Why does Kotlin use braces instead of whitespace?


#1

It's great that Kotlin got rid of the semicolon at the end of each line, but why are there still braces? Given that we already use an IDE that indents the code to match the braces, why not get rid of the braces entirely and use the indentation for that directly? Many languages already do this and it works well. Code could look like this: package bottles

fun main(args: Array<String>)
  if (args.isEmpty)
  printBottles(99)
  else
  try
           printBottles(Integer.parseInt(args[0]))
  catch (e: NumberFormatException)
           System.err.println("You have passed ‘${args[0]}’ as a number of bottles, " +
                   “but it is not a valid integer number”)

fun printBottles(bottleCount: Int)
  if (bottleCount <= 0)
  println(“No bottles - no song”)
  return

  println(“The ‘${bottlesOfBeer(bottleCount)}’ songn”)

  bottles := bottleCount
  while (bottles > 0)
  bottlesOfBeer := bottlesOfBeer(bottles)
  print("$bottlesOfBeer on the wall, bottlesOfBeer.nTake one down, pass it around, ") &nbsp;&nbsp;bottles-- &nbsp;&nbsp;println("{bottlesOfBeer(bottles)} on the wall.n")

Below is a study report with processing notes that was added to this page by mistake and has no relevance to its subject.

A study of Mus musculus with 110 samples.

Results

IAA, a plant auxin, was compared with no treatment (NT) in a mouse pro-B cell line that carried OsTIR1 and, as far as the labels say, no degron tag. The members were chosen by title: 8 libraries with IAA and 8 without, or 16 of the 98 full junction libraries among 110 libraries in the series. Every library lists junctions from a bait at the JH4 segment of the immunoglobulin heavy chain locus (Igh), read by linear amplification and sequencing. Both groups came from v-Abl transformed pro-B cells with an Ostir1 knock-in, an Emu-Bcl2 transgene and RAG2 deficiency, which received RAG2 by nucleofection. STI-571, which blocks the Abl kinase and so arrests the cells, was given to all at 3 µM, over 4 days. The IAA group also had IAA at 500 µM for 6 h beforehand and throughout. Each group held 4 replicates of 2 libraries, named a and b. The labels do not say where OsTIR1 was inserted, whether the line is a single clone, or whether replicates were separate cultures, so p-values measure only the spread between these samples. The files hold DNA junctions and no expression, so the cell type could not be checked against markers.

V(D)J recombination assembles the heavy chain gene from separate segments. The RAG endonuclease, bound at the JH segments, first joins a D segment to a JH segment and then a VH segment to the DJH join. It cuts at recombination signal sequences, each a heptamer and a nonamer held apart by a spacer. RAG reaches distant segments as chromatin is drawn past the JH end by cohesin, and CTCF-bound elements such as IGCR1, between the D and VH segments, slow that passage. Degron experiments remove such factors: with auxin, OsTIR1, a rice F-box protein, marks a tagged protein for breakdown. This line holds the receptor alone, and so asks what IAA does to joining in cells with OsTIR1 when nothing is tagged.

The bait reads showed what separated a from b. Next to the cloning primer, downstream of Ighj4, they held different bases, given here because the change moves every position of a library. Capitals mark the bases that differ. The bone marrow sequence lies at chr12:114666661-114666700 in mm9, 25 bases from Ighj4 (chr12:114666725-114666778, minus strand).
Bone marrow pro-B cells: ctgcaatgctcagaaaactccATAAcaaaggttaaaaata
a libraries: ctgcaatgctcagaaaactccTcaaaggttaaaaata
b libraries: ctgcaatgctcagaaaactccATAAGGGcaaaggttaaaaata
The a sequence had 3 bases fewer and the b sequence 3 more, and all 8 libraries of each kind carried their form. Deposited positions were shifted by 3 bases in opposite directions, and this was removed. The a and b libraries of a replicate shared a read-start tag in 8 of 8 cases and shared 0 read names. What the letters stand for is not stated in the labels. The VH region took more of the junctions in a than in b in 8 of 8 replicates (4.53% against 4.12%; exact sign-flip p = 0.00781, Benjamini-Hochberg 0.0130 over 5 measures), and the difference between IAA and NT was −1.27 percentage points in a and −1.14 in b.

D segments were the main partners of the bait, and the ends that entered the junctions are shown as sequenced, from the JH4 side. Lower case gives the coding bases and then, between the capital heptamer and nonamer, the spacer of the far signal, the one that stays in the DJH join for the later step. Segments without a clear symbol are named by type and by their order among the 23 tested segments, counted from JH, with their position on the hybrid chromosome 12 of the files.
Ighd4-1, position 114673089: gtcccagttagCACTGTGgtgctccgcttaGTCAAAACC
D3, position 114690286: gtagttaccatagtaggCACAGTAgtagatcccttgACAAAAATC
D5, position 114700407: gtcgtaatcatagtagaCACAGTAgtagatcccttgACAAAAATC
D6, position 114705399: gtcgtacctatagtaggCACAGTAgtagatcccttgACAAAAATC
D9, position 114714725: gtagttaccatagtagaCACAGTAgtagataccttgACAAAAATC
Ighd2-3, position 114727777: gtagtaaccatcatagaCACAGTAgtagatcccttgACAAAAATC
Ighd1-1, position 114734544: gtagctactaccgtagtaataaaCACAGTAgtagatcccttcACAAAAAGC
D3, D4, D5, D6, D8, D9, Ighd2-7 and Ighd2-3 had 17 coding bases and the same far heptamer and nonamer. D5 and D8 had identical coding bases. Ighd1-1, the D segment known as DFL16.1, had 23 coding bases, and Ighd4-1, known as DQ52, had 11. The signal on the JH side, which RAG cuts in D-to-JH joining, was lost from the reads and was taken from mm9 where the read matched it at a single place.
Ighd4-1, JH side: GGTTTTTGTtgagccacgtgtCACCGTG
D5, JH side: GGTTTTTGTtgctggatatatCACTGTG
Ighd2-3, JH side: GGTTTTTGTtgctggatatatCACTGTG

println(“No more bottles of beer on the wall, no more bottles of beer.n” +
           “Go to the store and buy some more, ${bottlesOfBeer(bottleCount)} on the wall.”)

fun bottlesOfBeer(count: Int): String
  “${when (count)
           0 -> “no more bottles”
           1 -> “1 bottle”
           else -> “$count bottles”} of beer”

///
  An excerpt from the Standard Library
///

// This is an extension property, i.e. a property that is defined for the
// type Array<T>, but does not sit inside the class Array
<T> Array<T>.isEmpty: Boolean get() := size() == 0


#2

My guess is that this is because Kotlin needs to fit well between Java and Scala.

Also indentation-aware syntax is very famous in the dynamic typing community (Python, Ruby, CoffeeScript), but maybe feared upon in other communities and languages. And it makes the lexer and parser harder to write and maintain.

There are also examples of important new languages that aim to provide a language for larger, industry-scale applications, but also use braces like Rust and TypeScript.


#3

Kotlin does not use significant indentation because the designers of Kotlin do not believe that significant indentation is a good idea. It's possible to design a language that would be similar to Kotlin and would use significant indentation, but it's not the language that we designed, and it's not the language that we're ever going to change Kotlin into.